A ‘Fiddler on the Roof’ inspired refugee camp for Ukraine’s Jews?

Cnaan Liphshiz

Rabbi Moshe Azman posing in front of houses under construction in Anatevka. (Courtesy: Anatevka)

Rabbi Moshe Azman posing in front of houses under construction in Anatevka, Ukraine. (Courtesy: Anatevka)

(JTA) — The Jewish refugee village of Anatevka, Ukraine, is so new it doesn’t even officially exist yet.

Due to open in September, Anatevka Jewish Refugee Community hadn’t received much Jewish-media attention until last week, when its developers began raising funds for the $6 million project — designed for Ukrainian Jews displaced by the war ravaging the country’s east.

If you’re nonetheless sure you’ve already heard the name, you’re probably not wrong. Anatevka is also the fictional hometown of Tevye the Dairyman from Joseph Stein’s hugely famous “Fiddler on the Roof” musical. Tevye lived in Czarist Russia, which included much of what is now Ukraine.

But the project’s manager, U.S.-born Yeshiva University graduate Chaim Klimovitsky, said the name is not a branding move to bring in American Jewish donations. Rather, he said, it’s the product of circumstance.

Volunteer with CASA ad

“There’s a little village called Gnativka adjacent to the piece of land bought for the camp,” Klimovitsky said, explaining that Gnativka is the Ukrainian pronunciation of Anatevka. “It’s not that we decided to rebuild a fictional village,” he said. “We couldn’t call it anything else.”

A scene from

A scene from “Fiddler on the Roof” at the Wimbledon Theatre, London, England, February 22, 1980. (Graham Turner/Keystone/Getty Images)

Klimovitsky started working on the project at the behest of Moshe Azman, a prominent rabbi from Kiev, Ukraine, who broke with the Chabad Hasidic movement in the 1990s to start his own operation.

Azman’s English-language fundraising website for Anatevka similarly emphasizes the connection with Gnativka, rather than with Tevye’s village.

“The buildings are being constructed from wood, to recall the wooden dwellings of the pre-World War II village of Anatevka,” the project’s website say — promising a Jewish village, or shtetl, like the one that existed near Gnativka before the Holocaust.

Tellingly, though, an illustration of the community’s future synagogue on the website has been embellished with the silhouette of a fiddler on the roof. And Tevya was imagined to live in a pre-World War II village with wooden houses too.

In another promotional image on the website, Azman is seen posing in front of six unfinished wooden houses, extending his arms as if to greet newcomers.

Many of the would-be residents of Anatevka currently reside in a summer camp that Azman’s congregation, locally known as the Brodsky Synagogue community, owns 120 miles south of Kiev, near the city of Shpola.

Location-wise, Anatevka would be an upgrade for its proximity to the capital, with its job opportunities and Jewish community centers.

An image of the building plan for Anatevka, near Kieve, Ukraine. (Courtesy: Anatevka)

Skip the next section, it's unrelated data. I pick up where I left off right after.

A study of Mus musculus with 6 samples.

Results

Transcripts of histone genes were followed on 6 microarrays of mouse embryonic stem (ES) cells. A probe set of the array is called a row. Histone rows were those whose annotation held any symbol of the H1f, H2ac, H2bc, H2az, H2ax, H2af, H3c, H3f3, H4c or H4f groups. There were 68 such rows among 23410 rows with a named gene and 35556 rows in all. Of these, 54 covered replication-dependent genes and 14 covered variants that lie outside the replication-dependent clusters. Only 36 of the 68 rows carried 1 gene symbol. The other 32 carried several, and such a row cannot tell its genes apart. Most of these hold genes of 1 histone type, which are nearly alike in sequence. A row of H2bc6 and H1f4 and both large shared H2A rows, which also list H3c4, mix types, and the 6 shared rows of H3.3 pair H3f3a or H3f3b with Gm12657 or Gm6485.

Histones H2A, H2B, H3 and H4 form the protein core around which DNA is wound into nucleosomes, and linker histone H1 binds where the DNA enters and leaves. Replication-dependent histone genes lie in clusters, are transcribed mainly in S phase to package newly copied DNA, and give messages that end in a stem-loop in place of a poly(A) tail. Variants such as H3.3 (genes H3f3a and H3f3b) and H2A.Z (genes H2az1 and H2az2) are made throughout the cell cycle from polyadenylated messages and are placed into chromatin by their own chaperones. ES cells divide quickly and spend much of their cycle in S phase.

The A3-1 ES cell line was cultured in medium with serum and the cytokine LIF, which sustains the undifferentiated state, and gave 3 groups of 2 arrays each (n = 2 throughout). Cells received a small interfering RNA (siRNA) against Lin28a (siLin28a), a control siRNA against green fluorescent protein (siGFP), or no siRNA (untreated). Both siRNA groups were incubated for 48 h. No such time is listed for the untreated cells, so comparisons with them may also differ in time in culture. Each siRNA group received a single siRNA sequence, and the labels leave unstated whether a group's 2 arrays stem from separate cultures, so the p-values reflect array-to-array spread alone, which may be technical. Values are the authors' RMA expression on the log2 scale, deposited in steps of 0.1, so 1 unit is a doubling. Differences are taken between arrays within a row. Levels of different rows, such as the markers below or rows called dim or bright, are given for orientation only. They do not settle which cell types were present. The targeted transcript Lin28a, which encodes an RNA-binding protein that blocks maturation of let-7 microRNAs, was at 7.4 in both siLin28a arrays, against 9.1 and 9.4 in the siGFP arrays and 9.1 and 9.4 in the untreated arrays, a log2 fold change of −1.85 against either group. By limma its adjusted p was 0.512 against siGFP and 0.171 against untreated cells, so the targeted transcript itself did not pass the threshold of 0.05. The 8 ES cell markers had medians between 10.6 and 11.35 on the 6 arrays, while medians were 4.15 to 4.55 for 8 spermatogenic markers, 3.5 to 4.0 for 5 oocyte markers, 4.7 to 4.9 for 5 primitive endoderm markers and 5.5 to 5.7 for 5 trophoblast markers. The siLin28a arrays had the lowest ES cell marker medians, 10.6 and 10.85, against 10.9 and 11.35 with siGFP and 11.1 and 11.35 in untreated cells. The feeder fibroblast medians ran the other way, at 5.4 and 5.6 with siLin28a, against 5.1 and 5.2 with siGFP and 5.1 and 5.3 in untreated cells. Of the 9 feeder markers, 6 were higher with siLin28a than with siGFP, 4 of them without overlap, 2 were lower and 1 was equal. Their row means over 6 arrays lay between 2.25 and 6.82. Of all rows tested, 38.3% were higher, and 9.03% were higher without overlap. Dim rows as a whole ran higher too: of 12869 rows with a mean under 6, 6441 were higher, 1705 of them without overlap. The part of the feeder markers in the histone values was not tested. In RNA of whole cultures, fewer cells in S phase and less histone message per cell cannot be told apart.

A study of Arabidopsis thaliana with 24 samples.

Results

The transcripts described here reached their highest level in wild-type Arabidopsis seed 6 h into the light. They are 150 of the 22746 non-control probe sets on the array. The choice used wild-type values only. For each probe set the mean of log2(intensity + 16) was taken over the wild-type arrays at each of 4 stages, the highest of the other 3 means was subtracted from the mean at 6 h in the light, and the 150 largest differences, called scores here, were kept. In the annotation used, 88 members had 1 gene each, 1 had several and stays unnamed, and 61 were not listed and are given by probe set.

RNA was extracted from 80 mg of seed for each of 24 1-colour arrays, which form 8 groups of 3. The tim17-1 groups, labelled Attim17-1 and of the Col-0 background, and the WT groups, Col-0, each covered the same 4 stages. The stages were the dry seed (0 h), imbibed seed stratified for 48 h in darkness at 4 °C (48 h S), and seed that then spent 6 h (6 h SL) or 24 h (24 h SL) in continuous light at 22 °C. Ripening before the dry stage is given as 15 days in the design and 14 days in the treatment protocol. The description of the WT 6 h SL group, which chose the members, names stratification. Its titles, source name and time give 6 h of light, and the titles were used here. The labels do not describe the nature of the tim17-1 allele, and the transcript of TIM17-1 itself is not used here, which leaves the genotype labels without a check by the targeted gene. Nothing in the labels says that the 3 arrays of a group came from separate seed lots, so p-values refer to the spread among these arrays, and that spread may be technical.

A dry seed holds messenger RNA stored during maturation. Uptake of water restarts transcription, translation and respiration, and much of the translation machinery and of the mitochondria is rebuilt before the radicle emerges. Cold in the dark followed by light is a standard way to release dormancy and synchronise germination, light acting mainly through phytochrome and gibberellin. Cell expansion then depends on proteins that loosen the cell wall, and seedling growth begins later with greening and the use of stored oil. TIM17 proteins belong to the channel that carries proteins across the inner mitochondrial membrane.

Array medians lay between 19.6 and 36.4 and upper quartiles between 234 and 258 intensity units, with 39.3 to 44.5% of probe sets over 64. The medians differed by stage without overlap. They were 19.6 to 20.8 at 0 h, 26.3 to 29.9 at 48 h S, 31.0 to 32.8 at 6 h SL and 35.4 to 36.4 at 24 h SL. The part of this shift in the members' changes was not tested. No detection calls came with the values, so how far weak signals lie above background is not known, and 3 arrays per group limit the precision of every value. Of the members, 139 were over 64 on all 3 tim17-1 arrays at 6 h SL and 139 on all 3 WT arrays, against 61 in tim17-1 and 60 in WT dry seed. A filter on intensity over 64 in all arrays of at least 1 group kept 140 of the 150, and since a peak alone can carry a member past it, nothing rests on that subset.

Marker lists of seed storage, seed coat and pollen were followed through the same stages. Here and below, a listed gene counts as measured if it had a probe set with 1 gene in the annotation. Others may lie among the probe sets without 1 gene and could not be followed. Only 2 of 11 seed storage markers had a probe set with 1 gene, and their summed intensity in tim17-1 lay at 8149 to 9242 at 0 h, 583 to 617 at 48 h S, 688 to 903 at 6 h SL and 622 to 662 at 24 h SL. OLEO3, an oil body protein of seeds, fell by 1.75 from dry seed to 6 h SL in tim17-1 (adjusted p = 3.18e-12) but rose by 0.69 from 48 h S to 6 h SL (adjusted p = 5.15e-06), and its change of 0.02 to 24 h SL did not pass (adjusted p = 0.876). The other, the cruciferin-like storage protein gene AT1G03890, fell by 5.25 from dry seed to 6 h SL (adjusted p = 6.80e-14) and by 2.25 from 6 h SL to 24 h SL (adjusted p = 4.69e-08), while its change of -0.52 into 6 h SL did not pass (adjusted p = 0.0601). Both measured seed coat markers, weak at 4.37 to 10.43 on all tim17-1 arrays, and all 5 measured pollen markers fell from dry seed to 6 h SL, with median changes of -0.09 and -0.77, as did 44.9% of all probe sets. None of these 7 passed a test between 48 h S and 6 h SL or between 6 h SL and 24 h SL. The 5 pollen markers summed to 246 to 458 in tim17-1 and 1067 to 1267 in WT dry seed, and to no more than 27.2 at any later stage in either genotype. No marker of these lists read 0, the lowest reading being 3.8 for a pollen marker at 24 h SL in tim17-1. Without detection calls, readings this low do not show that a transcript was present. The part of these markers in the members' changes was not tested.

An image of the building plan for Anatevka, near Kieve, Ukraine. (Courtesy: Anatevka)

Like other Ukrainian Jewish congregations, the Brodsky community has been swamped with requests for assistance since last year, when fighting between pro-Russian militiamen and government troops erupted in cities like Lugansk and Donetsk, forcing thousands of Jews along with many more non-Jews out of their homes.

Stretching budgets that were already dwindling because of war-related losses to donations, Jewish communities in Dnepropetrovsk, Kiev, Odessa, Kharkiv and elsewhere rose to the challenge that this flow of refugees presented and opened up their facilities to the displaced.

The American Jewish Joint Distribution Committee and Chabad also converted summer camps like the one near Shpola into refugee centers housing thousands who left with nothing. It was a major drain on the resources of a community of roughly 300,000 people.

Each Jewish refugee family was given shelter and food for a few weeks, during which they were encouraged to find an alternative solution — including immigrating to Israel — to free up space for other families.

Anatevka, however, aims to provide a more permanent solution, according to Klimovitsky.

“We’re planning 76 apartments for long-term living, free of charge until the tenants find a job, at which point we’ll ask them to pay for utilities only,” he said.

While Anatevka’s backers are clearly doing a major mitzvah, some in the Ukrainian aid world question their approach. The wooden houses at Anatevka won’t work as permanent abodes during the harsh Ukrainian winter, according to Rabbi Yechiel Eckstein, founder of the International Fellowship of Christians and Jews, whose organization is the single largest donor for Jewish relief efforts in Ukraine.

The first building in Anatevka under construction. (Courtesy: Anatevka)

The first building in Anatevka under construction. (Courtesy: Anatevka)

Eckstein — whose group has poured millions of dollars into special aid for the refugees and funds the Chabad-run Zhytomir Jewish refugee camp 90 miles west of Kiev — said that Anatevka doesn’t address Ukrainian Jews’ most urgent needs.

“From what I hear, that place is not what’s needed,” he said about Anatevka. “Nothing ‘sexy,’ with wooden houses, is needed. What’s needed is food, medicine for existing projects, not new ones.”

Back in Ukraine, Rabbi Pinchas Vishedsky, the exiled chief rabbi of Donetsk, said that more could be done for the refugees by subsidizing rent for them in Kiev, as his community has done with help from Eckstein’s fellowship.

Azman, Vishedsky said, “has been planning to found a Jewish village for years.” The refugee situation “maybe is an argument for Azman to raise funds for this purpose.”